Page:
Great Ideas Are Underrated

The thinking behind this essay is an ironic example of a time I wrote something that I now fundamentally disagree with. Two ish years ago, I published a bold essay titled “an idea is worthless.” The theme of the essay was effectively that ideas are meaningless without execution. I do not reject that claim today, but I do now believe that great ideas are incredibly rare and valuable.

I think there is this notion in the technology community that ideas do not really mean much…that all ideas are created equal. I do not believe this to be true.

I think you can move fast and iterate and learn from customers…but if you are marching in the wrong direction you may never find your fit.

A better lens, in my opinion, is to recognize that truly clever and interesting and informed ideas are rare and immensely important. I do not think most people have great ideas. I do not think most startups will succeed, either.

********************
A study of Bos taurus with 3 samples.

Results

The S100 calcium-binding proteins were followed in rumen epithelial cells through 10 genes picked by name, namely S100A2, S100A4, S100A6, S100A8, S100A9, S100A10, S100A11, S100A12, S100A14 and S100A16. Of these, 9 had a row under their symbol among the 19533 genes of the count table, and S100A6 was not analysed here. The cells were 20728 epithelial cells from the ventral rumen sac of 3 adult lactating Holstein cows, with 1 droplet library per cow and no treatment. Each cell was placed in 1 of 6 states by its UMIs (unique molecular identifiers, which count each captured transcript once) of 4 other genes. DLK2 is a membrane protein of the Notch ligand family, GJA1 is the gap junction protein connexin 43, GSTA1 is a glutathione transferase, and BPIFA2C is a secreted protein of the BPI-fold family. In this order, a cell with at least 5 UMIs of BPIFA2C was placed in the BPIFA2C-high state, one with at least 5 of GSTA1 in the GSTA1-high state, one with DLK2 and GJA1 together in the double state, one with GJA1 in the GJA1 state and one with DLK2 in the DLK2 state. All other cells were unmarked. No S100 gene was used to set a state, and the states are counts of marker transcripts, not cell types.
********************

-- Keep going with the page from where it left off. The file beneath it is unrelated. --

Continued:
I think a big reason startups fail is really because they are built upon fundamentally bad ideas.

One hard thing to recognize about this topic is that great ideas do not always seem like great ideas in the moment. They make take a second or third or fourth thought before recognizing their brilliance.

This is an important nuance because many great ideas only seem great in hindsight. This essay is not a note to give up on trying…it is an optimistic take to keep digging and keep doing.

Now…from a more macro lens…I think it probably makes sense to de-emphasize ideas and more emphasize the act of people trying lots of things.

I think we should encourage people to be bold and fight for legendary…but I do not think we should underpin the true value of a noble, bold idea.

Originally published at Jordan Gonen.